A few times I have researched and answered a question, but when I go to press the 'Post your answer' button it is greyed out. I then notice that there is a yellow banner at the top of the page indicating that the question has been placed on hold. The banner was not there when I started to answer the question, so the question was placed on hold while I was answering. Because I am focusing on the bottom half of the monitor, I did not notice a change at the top. The inability to post an answer is quite annoying, as anything from 10 minutes to an hour of research and writing time is totally wasted. (OK, I accept that I learned something new, so the time was not 'totally wasted', but I still feel my effort has been devalued.)

Sometimes, before preparing an answer, I can see someone has indicated that the question has problems, (e.g. They may indicate that the question is a duplicate of an earlier question.) This leaves me in a quandary, should I start to prepare an answer or not.

If the question is subsequently closed, preparing an answer will be a waste of time. If the question is not closed and the question may not be answered, because other potential responders are also scared off, and the OP may not get an answer when one is available.

I usually try to resolve this issue by clicking on the links provided by the person who thought the question should be closed. If I agree with them, then I will skip that question and assume it will be closed. However, sometimes I will disagree that the question should be closed, For example, I may agree that the question is similar to a previous question but think that it is sufficiently different as to justify it not being closed. What should I do then? I usually start to provide an answer, hoping it will not be closed before I am finished.

I would like to tentatively suggest the following, as a step towards solving this issue. I am not a programmer, nor am I sufficiently aware regarding the systems used by SE to know if this is even possible.

  1. If someone has started to answer a question, before it is closed, then they should be able to post that answer.

  2. If the question is closed before the answer is posted, then no points will be awarded.

  3. If the question is subsequently re-opened, the points will be awarded. (I don't really care if they are or not, but I expect that there would be some people who do.)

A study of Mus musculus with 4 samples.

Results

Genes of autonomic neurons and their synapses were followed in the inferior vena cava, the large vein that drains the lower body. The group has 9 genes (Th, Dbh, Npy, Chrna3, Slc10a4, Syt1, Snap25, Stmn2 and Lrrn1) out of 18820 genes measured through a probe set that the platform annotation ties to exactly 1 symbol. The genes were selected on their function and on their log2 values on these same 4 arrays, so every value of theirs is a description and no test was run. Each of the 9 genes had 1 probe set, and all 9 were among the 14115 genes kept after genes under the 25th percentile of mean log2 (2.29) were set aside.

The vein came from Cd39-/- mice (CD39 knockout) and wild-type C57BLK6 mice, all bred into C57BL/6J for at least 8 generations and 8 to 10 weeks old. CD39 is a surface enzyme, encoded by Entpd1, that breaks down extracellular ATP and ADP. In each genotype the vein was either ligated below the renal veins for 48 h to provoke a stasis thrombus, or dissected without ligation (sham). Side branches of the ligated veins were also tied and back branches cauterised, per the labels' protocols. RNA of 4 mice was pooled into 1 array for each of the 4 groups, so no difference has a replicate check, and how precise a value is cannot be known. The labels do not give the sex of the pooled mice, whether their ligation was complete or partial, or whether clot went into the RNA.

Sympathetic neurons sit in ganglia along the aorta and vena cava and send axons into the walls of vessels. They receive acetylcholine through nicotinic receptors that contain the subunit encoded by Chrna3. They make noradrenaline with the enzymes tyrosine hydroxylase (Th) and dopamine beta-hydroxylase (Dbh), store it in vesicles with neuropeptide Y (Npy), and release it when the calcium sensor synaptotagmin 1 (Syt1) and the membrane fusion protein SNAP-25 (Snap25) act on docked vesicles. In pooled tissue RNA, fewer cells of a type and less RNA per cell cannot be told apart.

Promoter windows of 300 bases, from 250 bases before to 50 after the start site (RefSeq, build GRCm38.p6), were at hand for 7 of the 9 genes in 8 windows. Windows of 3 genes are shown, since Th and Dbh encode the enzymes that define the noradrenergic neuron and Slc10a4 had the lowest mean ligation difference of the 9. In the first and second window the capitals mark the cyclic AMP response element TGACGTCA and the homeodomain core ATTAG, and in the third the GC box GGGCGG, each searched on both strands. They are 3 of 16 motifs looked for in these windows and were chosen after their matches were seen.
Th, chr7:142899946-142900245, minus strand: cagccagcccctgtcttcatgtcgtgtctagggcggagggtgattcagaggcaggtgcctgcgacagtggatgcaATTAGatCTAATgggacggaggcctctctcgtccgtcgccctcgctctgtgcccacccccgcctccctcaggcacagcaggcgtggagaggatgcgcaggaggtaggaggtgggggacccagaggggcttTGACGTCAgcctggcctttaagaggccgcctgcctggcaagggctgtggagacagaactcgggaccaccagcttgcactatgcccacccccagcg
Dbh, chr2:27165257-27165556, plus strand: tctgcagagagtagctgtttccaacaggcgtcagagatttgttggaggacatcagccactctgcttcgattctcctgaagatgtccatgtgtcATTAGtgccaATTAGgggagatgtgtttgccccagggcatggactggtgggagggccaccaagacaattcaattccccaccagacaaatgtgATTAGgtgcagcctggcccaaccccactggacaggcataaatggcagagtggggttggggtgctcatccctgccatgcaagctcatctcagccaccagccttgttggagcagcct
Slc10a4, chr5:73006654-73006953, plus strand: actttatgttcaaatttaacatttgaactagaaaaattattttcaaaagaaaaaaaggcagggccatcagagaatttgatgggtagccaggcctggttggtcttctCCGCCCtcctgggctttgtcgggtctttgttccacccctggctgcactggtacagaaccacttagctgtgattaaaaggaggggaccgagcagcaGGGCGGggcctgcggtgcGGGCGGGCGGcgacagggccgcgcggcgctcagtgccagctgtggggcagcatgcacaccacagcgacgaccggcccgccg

4. The OP will not be notified that an answer has been provided unless the question is re-opened.

  5. As at present, no-one can start to answer a question after it has been closed.

  • The points are really a separate issue. Closure of the question doesn't affect voting on existing answers, it just blocks new answers. – fixer1234 Aug 30 '18 at 3:27
  • @ColleenV Out of curiosity, how can someone with 4.5K and 3 months under their belt still be labeled a new contributor? Surely the rep is a reliable indicator that James is no longer a brand new newbie. – Mari-Lou A Aug 30 '18 at 18:31
  • @Mari-LouA As far as I can tell, meta is considered a different site for the purposes of the indicator. It seems a little silly to me and I’ve mentioned it on the Meta post about the indicator meta.stackexchange.com/questions/314287/… Other folks have noticed too. – ColleenV Aug 30 '18 at 18:52

If you find yourself caught in this situation, I'd first recommend taking a hard look at the question and seeing if the close voters weren't onto something. Perhaps the question really should be enhanced before it gets answered.

That said, if you think a question is worth answering but you notice that it is accumulating close votes, you might consider submitting a partial answer. (You can always edit your answer later to furnish more details.)

If the question gets closed before you get a chance to submit your answer, you can also edit the question, if you're pretty confident that you understand what the learner was driving at. You could then vote to reopen the question. You might even flag the question to hasten its reopening, or plead your case here on meta.

As for your suggested fixes, those should be raised at the SE Meta site. You might want to read through questions like this one and this one to see if your suggestions fit under an answer to an existing question, or merits being a new question in its own right.